An Inconvenient Truth
On Saturday evening a bunch of us went out to go see An Inconvenient Truth
. There weren't too many particular pieces of new information in it. I hadn't realized the extent to which the glaciers are melting. I hadn't really visually absorbed the extent to which the carbon dioxide in the atmosphere has exceeded the levels of the last 650,000 years. I didn't know about the polar bears drowning because the ice is too thin to hold them. But it was still a useful exercise in being reminded of something we'd rather forget. 928 papers in the ISI index about human-caused climate change, and not a one that disagrees with the notion that we are causing dangerous changes to our planet
. To me that's the most basic statement of why it's time to stop arguing and throwing the dust of manufactured doubt in people's eyes, and time to start changing things.
I recommend you go see it, if only as a reminder. I don't know if it can change someone's mind, but I've heard that the slideshow it's based on has done so in the past.
We need more reminders in our culture of inconvenient truths, and less sensitivity to having our faces rubbed in our derelicted duties. I'm as guilty as the next person. It never ceases to amaze me how even the most rationale of people--myself included-get utterly defensive when our contributions to pet peeves like climate change and the war in Iraq are pointed out to us. It's almost as if we are socially and mentally built to constitutionally oppose any kind of helpful feedback. Humility, thou art a difficult prize. And of course, in my experience, the people who posess the most humility need it the least.
It makes me wonder if perhaps we need to be able to look in the mirror, say, "God, you're awful," and mean it, and not collapse under the weight of such a statement. Bite the bullet, nod, and go, "Yep. Time to change." My whole life almost everyone from Mr. Rogers to my grade school teachers to college professors said, affectionately, "look in the mirror and say you're wonderful." Sure, sometimes that's useful. But admire yourself unconditionally? Approve of yourself unconditionally? That can't possibly always be good.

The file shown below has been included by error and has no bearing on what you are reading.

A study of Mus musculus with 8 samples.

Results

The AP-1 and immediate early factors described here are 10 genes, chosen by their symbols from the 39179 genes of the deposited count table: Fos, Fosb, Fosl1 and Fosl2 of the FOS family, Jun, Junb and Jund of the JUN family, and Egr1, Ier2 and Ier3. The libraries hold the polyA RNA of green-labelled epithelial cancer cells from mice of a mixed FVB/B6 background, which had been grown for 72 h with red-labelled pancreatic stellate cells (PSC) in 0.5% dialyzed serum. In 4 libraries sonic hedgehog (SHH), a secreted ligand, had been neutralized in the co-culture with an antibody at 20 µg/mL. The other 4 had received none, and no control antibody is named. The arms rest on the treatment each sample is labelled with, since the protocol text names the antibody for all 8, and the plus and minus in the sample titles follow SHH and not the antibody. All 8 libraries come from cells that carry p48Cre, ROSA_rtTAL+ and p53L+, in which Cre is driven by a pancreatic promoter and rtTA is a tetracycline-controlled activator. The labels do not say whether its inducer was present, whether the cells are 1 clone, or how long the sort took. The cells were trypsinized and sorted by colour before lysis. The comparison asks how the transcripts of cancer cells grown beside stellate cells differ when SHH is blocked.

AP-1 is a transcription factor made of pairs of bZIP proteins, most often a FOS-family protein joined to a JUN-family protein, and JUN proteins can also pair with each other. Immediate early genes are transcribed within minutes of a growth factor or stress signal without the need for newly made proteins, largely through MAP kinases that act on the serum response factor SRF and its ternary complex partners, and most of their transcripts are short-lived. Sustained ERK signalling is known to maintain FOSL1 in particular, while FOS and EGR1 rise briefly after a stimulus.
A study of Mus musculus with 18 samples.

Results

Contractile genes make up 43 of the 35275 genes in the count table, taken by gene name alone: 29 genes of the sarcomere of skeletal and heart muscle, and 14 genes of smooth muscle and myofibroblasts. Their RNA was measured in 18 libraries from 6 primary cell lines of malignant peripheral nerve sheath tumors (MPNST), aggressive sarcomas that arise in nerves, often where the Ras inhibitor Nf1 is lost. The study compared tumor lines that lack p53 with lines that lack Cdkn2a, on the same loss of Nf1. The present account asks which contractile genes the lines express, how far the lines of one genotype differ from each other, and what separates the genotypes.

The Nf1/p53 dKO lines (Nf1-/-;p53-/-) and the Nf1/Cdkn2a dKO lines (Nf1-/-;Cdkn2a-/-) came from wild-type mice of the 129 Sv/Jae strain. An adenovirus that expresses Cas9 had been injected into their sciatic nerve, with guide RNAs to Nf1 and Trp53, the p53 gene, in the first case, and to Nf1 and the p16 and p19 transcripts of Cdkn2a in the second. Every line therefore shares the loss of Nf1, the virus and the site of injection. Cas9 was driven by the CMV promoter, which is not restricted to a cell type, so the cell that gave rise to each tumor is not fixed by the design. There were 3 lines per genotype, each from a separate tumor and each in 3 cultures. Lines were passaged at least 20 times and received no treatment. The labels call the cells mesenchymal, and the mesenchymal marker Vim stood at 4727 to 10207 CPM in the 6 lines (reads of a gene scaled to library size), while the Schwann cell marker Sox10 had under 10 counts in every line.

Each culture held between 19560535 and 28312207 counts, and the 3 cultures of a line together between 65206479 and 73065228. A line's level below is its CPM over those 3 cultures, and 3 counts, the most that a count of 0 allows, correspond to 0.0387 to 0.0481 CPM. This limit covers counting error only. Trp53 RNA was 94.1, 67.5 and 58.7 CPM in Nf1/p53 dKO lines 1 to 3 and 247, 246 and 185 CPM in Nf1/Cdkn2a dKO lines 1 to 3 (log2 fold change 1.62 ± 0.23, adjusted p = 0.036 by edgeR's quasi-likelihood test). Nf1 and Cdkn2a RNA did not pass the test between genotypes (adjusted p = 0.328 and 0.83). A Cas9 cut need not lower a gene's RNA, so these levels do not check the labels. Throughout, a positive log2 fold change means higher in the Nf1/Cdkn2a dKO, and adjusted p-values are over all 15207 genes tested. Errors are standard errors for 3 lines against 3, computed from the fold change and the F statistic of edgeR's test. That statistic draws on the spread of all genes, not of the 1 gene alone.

So here, I'll start it. I'm wasteful. I drive more than I should or even "need to" by relative California standards. I often leave the lights on. I buy bottled drinks even though I have a perfectly good Kleen Kanteen. Etc. etc. So then what?
Find a friend to get better with. I've been working with some friends to become a competent cyclist, so that eventually I'll move my weight around myself instead of relying on dead dinosaurs. My goal is to drastically cut my gas consumption by the end of the year, and eventually be able to move my self around to my routine destinations. It's slow, slow going, but it would be impossible going without a lot of help from my friends. In general this working-with-friends strategy seems like a good one. My friends encourage me. They cheer me on at all the right moments, and they take time out of their busy weekends to help me feel safe on the busy roads and answer my questions about my bike. It's not that they stare at me grimly and say, "Saheli, you are an awful person for burning so many fossil fuels," every time I bring it up. But neither do they spend too much time defending me to myself when I feel bad. Instead they listen, and when I ask for help with some countervailing project, they give it to me.
To me, that's really what friendship is really about. Hanging out, having fun, relating to each other, mutual admiration--these are all good things. But a card I saw recently had the quote that love is not staring at each other, but looking out in the same direction. "I got your back," implies "I'm going to go into this battle with you." My favorite wedding toast was from someone who said, "You know you're with the right person when being with them puts you in the direction of the best person you ever wanted to be." Less exactingly applied, I think that's a pretty good standard for friendship too. Partner-in-crime was always one of my favorite titles.
So instead of my usual wonkish, numerical meditations on what we can do to stop global warming, I say this--go out and be a good friend, and get good friends. If it's something that's really bugging you, talk about that. Let people you care about know that it's upsetting you, and that you want to change it, much as you would want to get healthier or be more efficient. I think that you will find that the people who want to help you--even if "only" with encouragement, which is so very valuable--are often the people who really care about you.